Telling Tales 237
The reunion between Kou Ke and Yi Min was truly an event to behold. Although their company was as small as it was, they nevertheless threw a feast the likes of which had not been seen. Haraka chased down game as fast as Ipiktokiyakovik could shoot it. Entendtout cooked as fast as Juleidah could call up the desert winds. Scrobarnach Armtha had her soldiers craft tables, chairs, and cutlery from the wood around them, and if they were not as skilled carvers as they were fighters, they were better carvers than they were card players. Alexander and Ivan helped everywhere they could in the middle.
The great gray wolf lay to the side and waited.
Kou Ke and Yi Min stared at one another, hardly able to believe that after so long a time they had been reunited. Tears ran down their cheeks and their hands rested in one another’s.
The company ate and told stories for two days and two nights, reliving their adventures for Yi Min, while she told them of everything that had passed to her. When they were sated in both body and mind, they delivered what was left of their food to the not-so-distant town of Chalm, who remembered them with less hostility than they remembered other strangers, although still with no joy. They would not be who they are otherwise.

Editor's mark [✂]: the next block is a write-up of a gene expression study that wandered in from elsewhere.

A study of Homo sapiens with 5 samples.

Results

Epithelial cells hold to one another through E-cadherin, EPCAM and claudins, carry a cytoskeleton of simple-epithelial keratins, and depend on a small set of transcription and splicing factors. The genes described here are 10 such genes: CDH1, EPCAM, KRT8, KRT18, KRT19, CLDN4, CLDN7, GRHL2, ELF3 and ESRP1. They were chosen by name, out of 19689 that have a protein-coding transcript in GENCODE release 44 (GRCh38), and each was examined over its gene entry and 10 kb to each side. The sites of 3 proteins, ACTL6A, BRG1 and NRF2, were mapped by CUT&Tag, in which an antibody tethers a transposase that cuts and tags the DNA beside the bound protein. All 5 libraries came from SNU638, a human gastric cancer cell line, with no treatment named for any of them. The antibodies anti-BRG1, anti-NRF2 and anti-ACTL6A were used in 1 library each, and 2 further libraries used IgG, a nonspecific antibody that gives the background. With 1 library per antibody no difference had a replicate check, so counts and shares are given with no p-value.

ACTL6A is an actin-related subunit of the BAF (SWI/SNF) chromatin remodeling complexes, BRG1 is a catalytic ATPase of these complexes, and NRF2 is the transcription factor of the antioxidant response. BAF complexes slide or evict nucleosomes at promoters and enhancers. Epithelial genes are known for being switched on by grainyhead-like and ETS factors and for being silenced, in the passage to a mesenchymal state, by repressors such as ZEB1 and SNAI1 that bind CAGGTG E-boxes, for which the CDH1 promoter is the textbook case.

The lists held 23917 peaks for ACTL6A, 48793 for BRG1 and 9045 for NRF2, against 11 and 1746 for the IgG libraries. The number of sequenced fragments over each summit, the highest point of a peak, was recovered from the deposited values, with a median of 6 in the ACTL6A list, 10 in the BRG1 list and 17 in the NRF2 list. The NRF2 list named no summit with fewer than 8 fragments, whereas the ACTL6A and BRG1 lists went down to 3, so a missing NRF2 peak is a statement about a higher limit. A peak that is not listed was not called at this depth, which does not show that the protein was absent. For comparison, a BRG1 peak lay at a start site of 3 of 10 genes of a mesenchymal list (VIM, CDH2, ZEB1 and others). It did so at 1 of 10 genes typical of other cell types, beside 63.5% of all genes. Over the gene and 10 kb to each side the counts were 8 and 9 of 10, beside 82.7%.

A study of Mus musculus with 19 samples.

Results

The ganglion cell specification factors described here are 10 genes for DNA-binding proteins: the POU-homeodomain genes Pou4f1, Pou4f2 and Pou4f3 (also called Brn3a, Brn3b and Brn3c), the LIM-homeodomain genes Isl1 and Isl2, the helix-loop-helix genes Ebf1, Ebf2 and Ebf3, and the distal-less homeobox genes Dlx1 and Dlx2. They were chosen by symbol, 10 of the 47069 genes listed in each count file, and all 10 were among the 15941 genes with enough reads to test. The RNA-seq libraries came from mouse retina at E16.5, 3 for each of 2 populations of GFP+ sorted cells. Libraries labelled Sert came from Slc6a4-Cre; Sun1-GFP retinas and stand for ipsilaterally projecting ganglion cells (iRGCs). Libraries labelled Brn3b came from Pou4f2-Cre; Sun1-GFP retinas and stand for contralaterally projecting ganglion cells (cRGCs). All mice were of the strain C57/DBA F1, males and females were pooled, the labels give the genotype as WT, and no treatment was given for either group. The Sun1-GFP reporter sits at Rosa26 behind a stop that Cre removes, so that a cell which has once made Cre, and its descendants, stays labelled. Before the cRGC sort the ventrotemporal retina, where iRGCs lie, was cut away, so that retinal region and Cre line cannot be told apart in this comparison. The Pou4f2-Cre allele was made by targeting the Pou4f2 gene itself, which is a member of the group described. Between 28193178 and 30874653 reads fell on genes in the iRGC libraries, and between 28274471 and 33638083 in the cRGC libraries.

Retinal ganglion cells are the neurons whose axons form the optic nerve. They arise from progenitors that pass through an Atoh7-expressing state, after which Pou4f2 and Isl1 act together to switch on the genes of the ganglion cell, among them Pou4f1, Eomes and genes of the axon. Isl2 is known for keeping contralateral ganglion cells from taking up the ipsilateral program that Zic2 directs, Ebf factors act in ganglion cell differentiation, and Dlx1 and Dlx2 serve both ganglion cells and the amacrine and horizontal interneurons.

“If we are ready?” asked the wolf.
The company had waited to see how Yi Min would react to a talking wolf, but she showed neither surprise nor fear.
“The order is important,” said the wolf. “It would do us no good to return to Nikolai his sight while his reason still lacks. Alexander, you must be the one to return your cousin’s lost senses.”
Alexander agreed that this was so.
The wolf said, “Feeling and temper should be returned to him first, so that he can experience pain and empathy first, and so that he is not so angry. That is Ipiktokiyakovik and Haraka.”
The hunters nodded.
She went on, “His reason next, so that he understands what he is doing and what he has done. Entendtout.”
The old servant agreed as well.
“His will next, so that he does not despair overly long, and then his sight. Were those backwards and he to see the damage he has wreaked before his will is restored, he may do harm to himself.”
“No!” said Alexander.
“That is why we must be careful,” said the wolf.
“At least I’m not last,” said Scrobarnach Armtha, holder of the rusty metal that was the giant’s will, though she would have preferred to have been with the hunters.
The wolf shook her head. “You are not last. You cannot be. Last must be Kou Ke, who holds in his being the giant’s proportion. It is precisely why your love is so expansive. Your thirst.”
“I told you that was creepy,” whispered Scrobarnach Armtha to Juleidah.
“Alexander, tell us how you return your cousin’s senses to him,” said the wolf.
“I have to place each talisman in the place from whence it came. Usually it’s not so hard, but he’s never lost so many things at once and never for so long. His feeling could be anywhere on his skin.”
“I can find the place,” said Ipiktokiyakovik.
Alexander said, “His temper between his eyes,” and he named place after place until he arrived at the giant’s sense of proportion. “That belongs at his heart.”
Kou Ke understood what that meant. “Will there be anything left of me afterwards?”